WEST NEW YORK – West New York Mayor Felix Roque smiled as a man working inside the Mikey’s Ice Cream truck parked in front of the Kennedy Towers senior housing high-rise building on 62nd Street handed out the dessert delight on Roque’s dime to potential voters the day before the Hudson County town’s municipal election.
“Ice cream doesn’t win elections, but caring for people does. And we’ve been doing this for four years,” said Roque, elected without the support of the Hudson County Democratic Organization (HCDO) in 2011 but who has the organization’s support now, on Monday. “We won by a landslide without the HCDO, and how we have them on board.”
With Hudson County’s history of rough politics, including occasional violence on Election Day, Roque said he was prepared for whatever comes tomorrow.
“I’ve been through this before. I’ve been in basic training, so nothing bothers me,” said Roque, a U.S. Army veteran. “I’m ready to fight. But I’ve told my people to respect the law.”
Standing a few steps away was Pablo Fonseca, Roque’s campaign manager, who was not smiling. Charged with getting the incumbent West New York mayor reelected against the opposition slate lead by Commissioner Count Wiley, Fonseca projected confidence based on planning.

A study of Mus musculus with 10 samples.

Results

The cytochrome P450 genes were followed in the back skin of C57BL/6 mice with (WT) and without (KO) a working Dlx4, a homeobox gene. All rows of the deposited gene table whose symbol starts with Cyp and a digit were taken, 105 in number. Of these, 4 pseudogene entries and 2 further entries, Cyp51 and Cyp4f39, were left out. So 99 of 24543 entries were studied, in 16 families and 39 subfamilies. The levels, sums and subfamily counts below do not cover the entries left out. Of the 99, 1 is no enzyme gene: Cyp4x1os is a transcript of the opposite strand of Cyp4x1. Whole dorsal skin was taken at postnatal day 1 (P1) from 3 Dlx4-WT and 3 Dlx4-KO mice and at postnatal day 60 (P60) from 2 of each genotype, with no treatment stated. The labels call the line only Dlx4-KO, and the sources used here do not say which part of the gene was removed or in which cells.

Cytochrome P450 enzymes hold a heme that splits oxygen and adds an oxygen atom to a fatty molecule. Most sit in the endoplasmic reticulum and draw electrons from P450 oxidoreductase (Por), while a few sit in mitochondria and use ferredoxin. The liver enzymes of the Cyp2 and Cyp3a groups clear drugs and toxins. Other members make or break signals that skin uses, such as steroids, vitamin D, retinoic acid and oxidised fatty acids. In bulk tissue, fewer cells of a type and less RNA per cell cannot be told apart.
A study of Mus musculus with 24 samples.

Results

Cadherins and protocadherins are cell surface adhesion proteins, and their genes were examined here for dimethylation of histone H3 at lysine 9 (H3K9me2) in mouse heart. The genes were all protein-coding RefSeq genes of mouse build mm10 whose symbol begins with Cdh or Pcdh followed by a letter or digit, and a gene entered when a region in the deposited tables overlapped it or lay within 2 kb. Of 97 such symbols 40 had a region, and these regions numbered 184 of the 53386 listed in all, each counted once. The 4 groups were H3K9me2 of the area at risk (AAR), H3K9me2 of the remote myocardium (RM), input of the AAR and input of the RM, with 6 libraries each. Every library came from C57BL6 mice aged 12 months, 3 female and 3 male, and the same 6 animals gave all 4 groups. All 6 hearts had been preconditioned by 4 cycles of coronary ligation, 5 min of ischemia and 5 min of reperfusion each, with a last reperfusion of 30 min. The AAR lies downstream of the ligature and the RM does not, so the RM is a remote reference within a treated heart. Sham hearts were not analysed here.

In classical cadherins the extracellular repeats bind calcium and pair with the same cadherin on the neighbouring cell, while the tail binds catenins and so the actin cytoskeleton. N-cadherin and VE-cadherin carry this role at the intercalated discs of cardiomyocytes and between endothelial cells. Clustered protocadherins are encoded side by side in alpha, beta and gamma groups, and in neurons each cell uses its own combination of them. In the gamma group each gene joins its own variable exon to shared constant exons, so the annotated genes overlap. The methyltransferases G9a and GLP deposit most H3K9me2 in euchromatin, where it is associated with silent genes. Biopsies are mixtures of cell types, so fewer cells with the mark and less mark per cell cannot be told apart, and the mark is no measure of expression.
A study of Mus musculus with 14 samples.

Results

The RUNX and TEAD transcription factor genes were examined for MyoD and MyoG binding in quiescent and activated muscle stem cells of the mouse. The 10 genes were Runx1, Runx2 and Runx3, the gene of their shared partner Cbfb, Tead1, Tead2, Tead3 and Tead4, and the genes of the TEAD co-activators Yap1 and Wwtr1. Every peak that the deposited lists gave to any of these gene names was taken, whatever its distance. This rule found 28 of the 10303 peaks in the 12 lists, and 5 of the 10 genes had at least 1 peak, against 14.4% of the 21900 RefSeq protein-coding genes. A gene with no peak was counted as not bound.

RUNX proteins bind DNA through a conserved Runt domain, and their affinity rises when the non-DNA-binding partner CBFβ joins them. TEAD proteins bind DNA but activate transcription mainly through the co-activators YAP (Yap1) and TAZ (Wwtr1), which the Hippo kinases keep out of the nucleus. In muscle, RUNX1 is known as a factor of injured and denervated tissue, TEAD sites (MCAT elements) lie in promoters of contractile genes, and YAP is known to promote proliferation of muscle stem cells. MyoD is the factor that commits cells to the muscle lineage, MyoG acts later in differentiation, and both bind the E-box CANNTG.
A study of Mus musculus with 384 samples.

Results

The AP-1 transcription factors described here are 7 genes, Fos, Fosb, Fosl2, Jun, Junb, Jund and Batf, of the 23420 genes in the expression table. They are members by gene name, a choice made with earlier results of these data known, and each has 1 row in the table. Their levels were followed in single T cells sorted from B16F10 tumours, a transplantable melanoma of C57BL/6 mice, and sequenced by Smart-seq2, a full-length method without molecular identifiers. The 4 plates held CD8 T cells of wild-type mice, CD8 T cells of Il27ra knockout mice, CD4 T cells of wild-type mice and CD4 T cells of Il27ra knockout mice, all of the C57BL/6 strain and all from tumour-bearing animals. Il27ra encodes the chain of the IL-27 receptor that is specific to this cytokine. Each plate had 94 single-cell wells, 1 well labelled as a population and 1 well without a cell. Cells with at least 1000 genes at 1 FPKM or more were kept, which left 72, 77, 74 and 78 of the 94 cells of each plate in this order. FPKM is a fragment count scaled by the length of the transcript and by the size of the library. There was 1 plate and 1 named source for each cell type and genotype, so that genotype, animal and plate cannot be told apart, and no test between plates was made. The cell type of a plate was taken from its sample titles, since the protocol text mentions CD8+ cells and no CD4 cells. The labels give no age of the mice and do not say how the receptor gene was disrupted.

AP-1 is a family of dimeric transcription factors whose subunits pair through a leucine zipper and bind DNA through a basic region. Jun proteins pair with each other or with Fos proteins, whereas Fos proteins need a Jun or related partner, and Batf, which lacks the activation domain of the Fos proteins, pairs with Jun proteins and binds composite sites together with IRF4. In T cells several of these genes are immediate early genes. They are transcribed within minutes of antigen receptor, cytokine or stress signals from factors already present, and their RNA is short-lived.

“In my eyes, the campaign is over. It’s just about how big of a margin we are going to win by,” Fonseca said, scanning the crowd outside of Kennedy Towers, a well-populated West New York polling place that has seen a fair share of Election Day sparks fly over the years. “We’ve been working really hard over the last six months. The mayor has done an incredible job over the last four years stabilizing taxes and keeping crime down. We’re got a great field operation, and we’re confident that we’re going to sweep. We’ve got our brooms ready.”
Fonseca said that he has enlisted more than 500 campaign volunteer workers for his get-out-the-vote effort on Election Day.
As for potential street violence in and around polling stations, Fonseca, a well-known veteran political operative who has often run campaigns in urban areas, took a clear-eyed view of Tuesday’s electoral battlefield.
“We’re going to walk away from any confrontation. We’re going to be positive. We’re going to be disciplined,” Fonseca said. “But we’re going to be ready for whatever it takes.”